The Good Life

Friday, November 12, 2010

Star to Watch: SCOOT MCNAIRY

By R. Kurt Osenlund, The Good Life film critic

Scoot McNairy in "Monsters"

Don't be fooled by the playful name. American actor Scoot McNairy has a dedication to independent cinema that's serious and sincere. Born in Texas, and with a background in regional theater, McNairy set out for Tinseltown with ambitions to break into the indie film scene. While chasing his goals, he took bit parts in an eclectic mix of movies, including "Wonderland," "Herbie Fully Loaded," "Art School Confidential" and "Bobby."

His indie breakout was with 2007's "In Search of a Midnight Kiss," a black-and-white New York romance that starred McNairy as the lead character, Wilson. McNairy produced "Midnight Kiss" with his friend and manager, John Pierce, with whom he started the production company The Group Films. Since then, the company has worked on "Frank and Cindy," starring Rene Russo, and "The Last Time I Made Straight A's," which has yet to be cast.

McNairy can now be seen as the male lead in "Monsters," a highly impressive British thriller that makes extraordinary use of its meager budget. Written and directed by documentarian Gareth Edwards, the film sees McNairy star alongside his real-life wife, Whitney Able, in a story that's minimalistically told to great effect, and boasts topical immigration metaphors to boot. McNairy delivers an authentic, understated performance, which was good enough to nab him a British Independent Film Award nomination for Best Actor ("Monsters" received a total of six nominations, including Best Picture).

In addition to his projects as producer, McNairy now has at least five films on the horizon in which he'll be appearing on-screen, including "The Off Hours," "Everything Will Happen Before You Die," "Angry White Man," "The Listening Party" and "A Night in the Woods." True to the actor's pursuits, every film is an independent.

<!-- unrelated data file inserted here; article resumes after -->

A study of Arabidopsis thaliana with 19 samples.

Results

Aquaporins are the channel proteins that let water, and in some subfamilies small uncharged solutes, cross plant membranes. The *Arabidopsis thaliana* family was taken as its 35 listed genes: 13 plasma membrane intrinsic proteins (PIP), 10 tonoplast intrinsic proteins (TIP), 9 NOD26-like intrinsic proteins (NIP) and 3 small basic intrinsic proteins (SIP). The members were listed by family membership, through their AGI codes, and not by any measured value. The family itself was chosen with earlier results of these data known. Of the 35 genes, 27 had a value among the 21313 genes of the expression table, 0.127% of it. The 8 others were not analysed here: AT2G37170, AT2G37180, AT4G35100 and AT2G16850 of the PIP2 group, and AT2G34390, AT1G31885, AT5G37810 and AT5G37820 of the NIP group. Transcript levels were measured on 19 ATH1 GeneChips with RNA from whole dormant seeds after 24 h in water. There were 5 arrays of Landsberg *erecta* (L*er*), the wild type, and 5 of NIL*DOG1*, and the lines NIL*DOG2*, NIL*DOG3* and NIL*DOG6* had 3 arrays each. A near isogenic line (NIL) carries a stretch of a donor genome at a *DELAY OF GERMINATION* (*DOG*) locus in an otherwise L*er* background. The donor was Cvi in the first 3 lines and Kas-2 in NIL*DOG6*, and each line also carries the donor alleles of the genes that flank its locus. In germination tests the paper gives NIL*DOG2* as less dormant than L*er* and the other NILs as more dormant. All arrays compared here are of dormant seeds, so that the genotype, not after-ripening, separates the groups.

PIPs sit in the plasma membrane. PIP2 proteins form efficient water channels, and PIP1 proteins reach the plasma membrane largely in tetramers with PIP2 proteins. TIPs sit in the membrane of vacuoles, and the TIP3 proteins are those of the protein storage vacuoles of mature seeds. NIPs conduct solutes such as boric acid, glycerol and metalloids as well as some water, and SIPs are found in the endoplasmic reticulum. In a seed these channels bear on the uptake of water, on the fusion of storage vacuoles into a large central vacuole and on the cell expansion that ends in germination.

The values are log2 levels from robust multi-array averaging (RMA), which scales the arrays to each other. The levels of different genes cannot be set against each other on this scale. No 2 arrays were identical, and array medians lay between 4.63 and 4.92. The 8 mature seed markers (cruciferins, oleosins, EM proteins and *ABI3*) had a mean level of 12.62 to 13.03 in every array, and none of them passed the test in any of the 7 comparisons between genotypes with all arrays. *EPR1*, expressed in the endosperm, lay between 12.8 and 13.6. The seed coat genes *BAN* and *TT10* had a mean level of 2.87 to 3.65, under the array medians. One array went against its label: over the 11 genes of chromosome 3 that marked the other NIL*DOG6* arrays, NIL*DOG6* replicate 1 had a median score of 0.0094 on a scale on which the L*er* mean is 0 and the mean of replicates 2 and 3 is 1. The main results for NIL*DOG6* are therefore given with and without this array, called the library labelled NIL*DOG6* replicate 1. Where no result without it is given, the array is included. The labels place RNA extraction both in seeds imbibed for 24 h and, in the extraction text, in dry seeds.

Trailer for "Monsters," which opens in Philadelphia today:

Wednesday, November 3, 2010


The newest trailers for some of the most noteworthy upcoming flicks.

By R. Kurt Osenlund, The Good Life film critic


It's been 14 years since the original "Scream" movie became a massive self-aware sensation, lampooning other films in the horror genre and laughing all the way to the bank. I can still remember rallying a troop of friends and sneaking into the very R-rated thriller, one of my favorites. Two inferior sequels, varying levels of fame and a break-up or two later, we've got the much-awaited fourth installment, which revamps the "rules" for a new decade. Stars David Arquette, Neve Campbell and Courteney Cox return, along with Hayden Planetarium, Emma Roberts, Kieran Culkin and more. Take a look:


Nicole Kidman shoots for the awards traction she had in the early 2000s in this screen adaptation of the stage play about a couple grieving the loss of their young son. Kidman plays the mother, Aaron Eckhart plays the father, and Dianne Wiest plays Kidman's own mom, herself having dealt with the death of a son. In the director's chair is John Cameron Mitchell, the highly talented New Yorker who delivered back-to-back triumphs with "Hedwig and the Angry Inch" and "Shortbus." "Rabbit Hole" is one of my most anticipated films yet to be released in 2010.


Jack Black is back in this modern-day retelling of Jonathan Swift's 18th century novel. Directed by Rob Letterman ("Shark Tale," "Monsters vs. Aliens") "Gulliver's" looks obnoxious as all get out, but it also seems to boast some coolly diverting funhouse efects. Starring alongside Black are Amanda Peet, Emily Blunt, Jason Segel and Billy Connolly. The film focuses on an underachieving mailroom worker (Black) who's swept away to a magical world full of action-figure-sized folk. It's set for release this Christmas.